Congo guerillas threaten to kill rare gorillas
Congo guerillas threaten to kill rare gorillas
May 21, 2007
Fresh off killing a park ranger, a group of Congo guerillas said they will slaughter highly endangered mountain gorillas in Congo’s Virunga National Park if their demands for immunity aren’t met, says WildlifeDirect, a wildlife conservation organization active in the region.
Reuters reports that Sunday three wildlife workers were injured and one was killed in attacks by Mai Mai rebels who seized communications equipment and arms from park facilities. Park guards in the region—Congo, Rwanda, and Uganda—are generally armed to protect themselves and tourists from militias.
The Mai Mai, who have a record of slaughtering wildlife and murdering civilians, said they would kill all the gorillas in the area if wildlife officials retaliate for the attack. In making the threats, the group appears to be reneging on agreement they made earlier this year in which they said they would not harm the park’s gorillas.
Juvenile gorilla in Bwindi (top) and a wildlife guide searching for gorillas in Bwindi (bottom). Photos by Rhett A. Butler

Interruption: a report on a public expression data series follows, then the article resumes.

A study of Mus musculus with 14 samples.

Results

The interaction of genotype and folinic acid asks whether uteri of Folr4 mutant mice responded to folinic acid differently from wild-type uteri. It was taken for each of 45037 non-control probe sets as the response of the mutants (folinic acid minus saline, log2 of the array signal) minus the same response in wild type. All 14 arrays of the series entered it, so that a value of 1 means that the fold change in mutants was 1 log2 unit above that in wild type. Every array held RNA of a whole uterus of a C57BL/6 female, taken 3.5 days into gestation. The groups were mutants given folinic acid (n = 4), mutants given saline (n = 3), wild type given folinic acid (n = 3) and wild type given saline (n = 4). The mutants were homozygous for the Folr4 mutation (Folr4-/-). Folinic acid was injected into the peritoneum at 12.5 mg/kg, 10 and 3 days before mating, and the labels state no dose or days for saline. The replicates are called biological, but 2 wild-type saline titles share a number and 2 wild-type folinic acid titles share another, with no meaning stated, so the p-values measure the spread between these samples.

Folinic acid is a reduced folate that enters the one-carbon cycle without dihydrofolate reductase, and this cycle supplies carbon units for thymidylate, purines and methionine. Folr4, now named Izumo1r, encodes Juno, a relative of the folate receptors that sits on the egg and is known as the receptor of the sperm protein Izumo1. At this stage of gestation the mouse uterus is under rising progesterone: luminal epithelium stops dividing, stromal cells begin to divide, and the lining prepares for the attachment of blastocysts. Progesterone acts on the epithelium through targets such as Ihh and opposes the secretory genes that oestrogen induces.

WildlifeDirect says the violence is nothing new: since the beginning of the conflict in eastern Congo nearly a decade ago, some 150 park rangers have been killed on active duty.
Violence aside, gorillas are Virunga’s most famous residents. The park, which sits near the border with Rwanda, supports 380 of the world’s remaining 700 mountain gorillas. Another 340 mountain gorillas are found in neighboring Uganda’s Bwindi Impenetrable Forest National Park.
While there have long been conflicts between local people and conservationists, some scientists point to Rwanda and Uganda as examples of conservation efforts that bring benefits to the local economy. At Bwindi well-trained guides lead small and carefully supervised groups of tourists who pay more than $300 each for a permit to see the gorillas. The efforts have provided some compensation for communities around the park who have had to give up their right to cut timber and harvest game from the protected forest.